Buffer: Background

Welcome back to yet another post in our blog series covering the onboarding strategies employed by various SaaS offerings! This week, we’ll take a look at how Buffer, a social media management platform, approaches onboarding.

Buffer is a social media management platform that helps users share social media content by scheduling online posts ahead of time. It integrates with Twitter, Facebook, Linkedin, and other social media platforms. Buffer also contains features that give post suggestions to users, and gives information on the number of clicks, retweets, likes, favorites, mentions, and potential views each post has. To this date, they have raised $3.9M in 3 rounds of funding from a total of 29 investors.

Onboarding

Day 1 – Welcome Email

After signing up and verifying my email address, Buffer sent me an email welcoming me to their service. The email was signed off by Joel, the co-founder and CEO of Buffer. I always think it’s great when onboarding emails are signed off by CEOs or co-founders because it establishes a relationship between them and a user. It also endorses the message, and makes users more inclined to try a new feature – in this case, downloading the browser extension. I also liked how Buffer included ways to reach out to the Buffer team, as it gives users a direct line to the company. In turn, users feel more connected to Buffer and are less likely to stop using the product when facing difficulties. As mentioned before, a call to action button is always a good touch in emails, as it increases click-through rates.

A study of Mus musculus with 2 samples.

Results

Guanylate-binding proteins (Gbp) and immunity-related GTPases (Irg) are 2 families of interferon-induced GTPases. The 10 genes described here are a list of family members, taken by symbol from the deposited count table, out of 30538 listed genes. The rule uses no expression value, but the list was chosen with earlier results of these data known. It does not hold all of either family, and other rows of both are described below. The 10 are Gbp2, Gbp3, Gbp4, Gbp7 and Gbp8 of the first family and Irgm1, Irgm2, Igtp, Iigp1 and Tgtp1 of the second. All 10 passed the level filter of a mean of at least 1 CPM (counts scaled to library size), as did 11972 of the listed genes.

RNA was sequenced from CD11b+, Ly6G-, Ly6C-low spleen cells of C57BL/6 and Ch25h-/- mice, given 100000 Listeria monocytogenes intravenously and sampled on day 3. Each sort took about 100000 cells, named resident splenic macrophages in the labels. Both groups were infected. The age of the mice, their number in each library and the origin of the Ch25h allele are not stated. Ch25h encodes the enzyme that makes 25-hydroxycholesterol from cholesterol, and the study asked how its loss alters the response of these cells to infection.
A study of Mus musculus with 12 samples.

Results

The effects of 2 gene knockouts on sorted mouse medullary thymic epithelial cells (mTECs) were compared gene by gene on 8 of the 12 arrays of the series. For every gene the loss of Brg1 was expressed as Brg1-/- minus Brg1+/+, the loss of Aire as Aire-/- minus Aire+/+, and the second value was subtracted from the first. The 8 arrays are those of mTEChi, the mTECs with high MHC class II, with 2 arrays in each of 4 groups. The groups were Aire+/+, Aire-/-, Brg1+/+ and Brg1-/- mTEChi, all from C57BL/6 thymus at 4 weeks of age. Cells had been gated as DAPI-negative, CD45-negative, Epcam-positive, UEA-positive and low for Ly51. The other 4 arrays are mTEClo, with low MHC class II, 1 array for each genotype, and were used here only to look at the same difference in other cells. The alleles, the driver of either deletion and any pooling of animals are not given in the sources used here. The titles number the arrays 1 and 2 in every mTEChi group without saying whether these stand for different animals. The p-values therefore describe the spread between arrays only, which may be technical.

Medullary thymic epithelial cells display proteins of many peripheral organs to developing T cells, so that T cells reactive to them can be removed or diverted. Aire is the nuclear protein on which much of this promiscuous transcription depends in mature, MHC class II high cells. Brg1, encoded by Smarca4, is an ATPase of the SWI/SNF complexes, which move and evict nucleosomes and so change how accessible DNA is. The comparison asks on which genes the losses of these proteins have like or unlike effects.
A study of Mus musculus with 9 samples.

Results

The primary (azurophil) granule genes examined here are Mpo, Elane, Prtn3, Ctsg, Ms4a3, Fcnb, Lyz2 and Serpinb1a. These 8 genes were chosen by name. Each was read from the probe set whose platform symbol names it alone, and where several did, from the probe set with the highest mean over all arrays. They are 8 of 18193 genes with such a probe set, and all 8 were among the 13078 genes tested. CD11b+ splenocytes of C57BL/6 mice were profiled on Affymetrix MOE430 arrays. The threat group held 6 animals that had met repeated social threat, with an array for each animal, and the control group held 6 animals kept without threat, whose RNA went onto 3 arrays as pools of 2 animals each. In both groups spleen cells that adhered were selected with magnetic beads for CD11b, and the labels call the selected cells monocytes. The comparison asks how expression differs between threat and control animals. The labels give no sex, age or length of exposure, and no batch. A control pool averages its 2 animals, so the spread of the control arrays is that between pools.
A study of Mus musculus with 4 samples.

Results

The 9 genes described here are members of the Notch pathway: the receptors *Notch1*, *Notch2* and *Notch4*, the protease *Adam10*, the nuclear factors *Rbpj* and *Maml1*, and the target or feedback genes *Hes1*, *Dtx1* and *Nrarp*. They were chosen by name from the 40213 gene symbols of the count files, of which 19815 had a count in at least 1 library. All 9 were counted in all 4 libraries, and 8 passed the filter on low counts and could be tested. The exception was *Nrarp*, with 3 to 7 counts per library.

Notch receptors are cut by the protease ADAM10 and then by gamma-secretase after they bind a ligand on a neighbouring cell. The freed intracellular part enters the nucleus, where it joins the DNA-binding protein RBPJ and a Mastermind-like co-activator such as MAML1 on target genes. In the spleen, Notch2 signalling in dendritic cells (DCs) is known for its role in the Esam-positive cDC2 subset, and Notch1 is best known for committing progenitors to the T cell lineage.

Day 5 – Get the Browser Extension

Caro, the Chief Customer Officer took over the onboarding process from Day 5 onwards. The email I got on Day 5 was repetitive, as it prompted me to download the Browser Extension, something that was already introduced to me in the welcome email.

Day 9 – Get the App on Android and iOS

The email I got on Day 9 informed me about the Buffer mobile app that’s available for download. The interesting thing to note is up until Day 9, Buffer didn’t introduce their features to me as a user. As a result, I had to figure out how to use Buffer on my own. For non-tech savvy people, this could be a real struggle and it can also result in them not fully utilizing the product.

I took the liberty of looking up Buffer’s website to find a resources page of some sort that could teach me about some of Buffer’s features. Under the ‘Help’ tab on Buffer’s dashboard, there is an ‘FAQ’ button that takes you to a page with many articles that teaches you in great detail about most, if not all of Buffer’s features. This page is incredibly useful not just for new users, but even for long term users, as it has in depth information on both the basic and more complex features of Buffer. I feel that this page could’ve been introduced during the initial onboarding phase, perhaps via email, so that users are aware that they can refer to this resource whenever necessary.

Day 39 – Buffer Analytics

Several weeks later, Joel, the CEO of Buffer, sent me another email to introduce Buffer’s analytics tools. I thought this was helpful, as it gave me information on what I could do with this tool. Also, there was a button that redirects users to the Buffer Dashboard so they can immediately start using this tool. This was actually the first time Buffer introduced a feature to users. Buffer’s onboarding could be greatly improved if they introduced more features to users.

Summary

Here is a summary of the interactions that spanned the full 39 days Buffer took to onboard me as a user.

Day 1 – Welcome Email
Day 5 – Get Browser Extension
Day 9 – Get it on Android and iOS
Day 39 – Buffer Analytics

That sums up how Buffer onboards new users to their platform! I hope it provided you with some new insights into how you can structure an onboarding process in the future, and possibly also what might not be as helpful.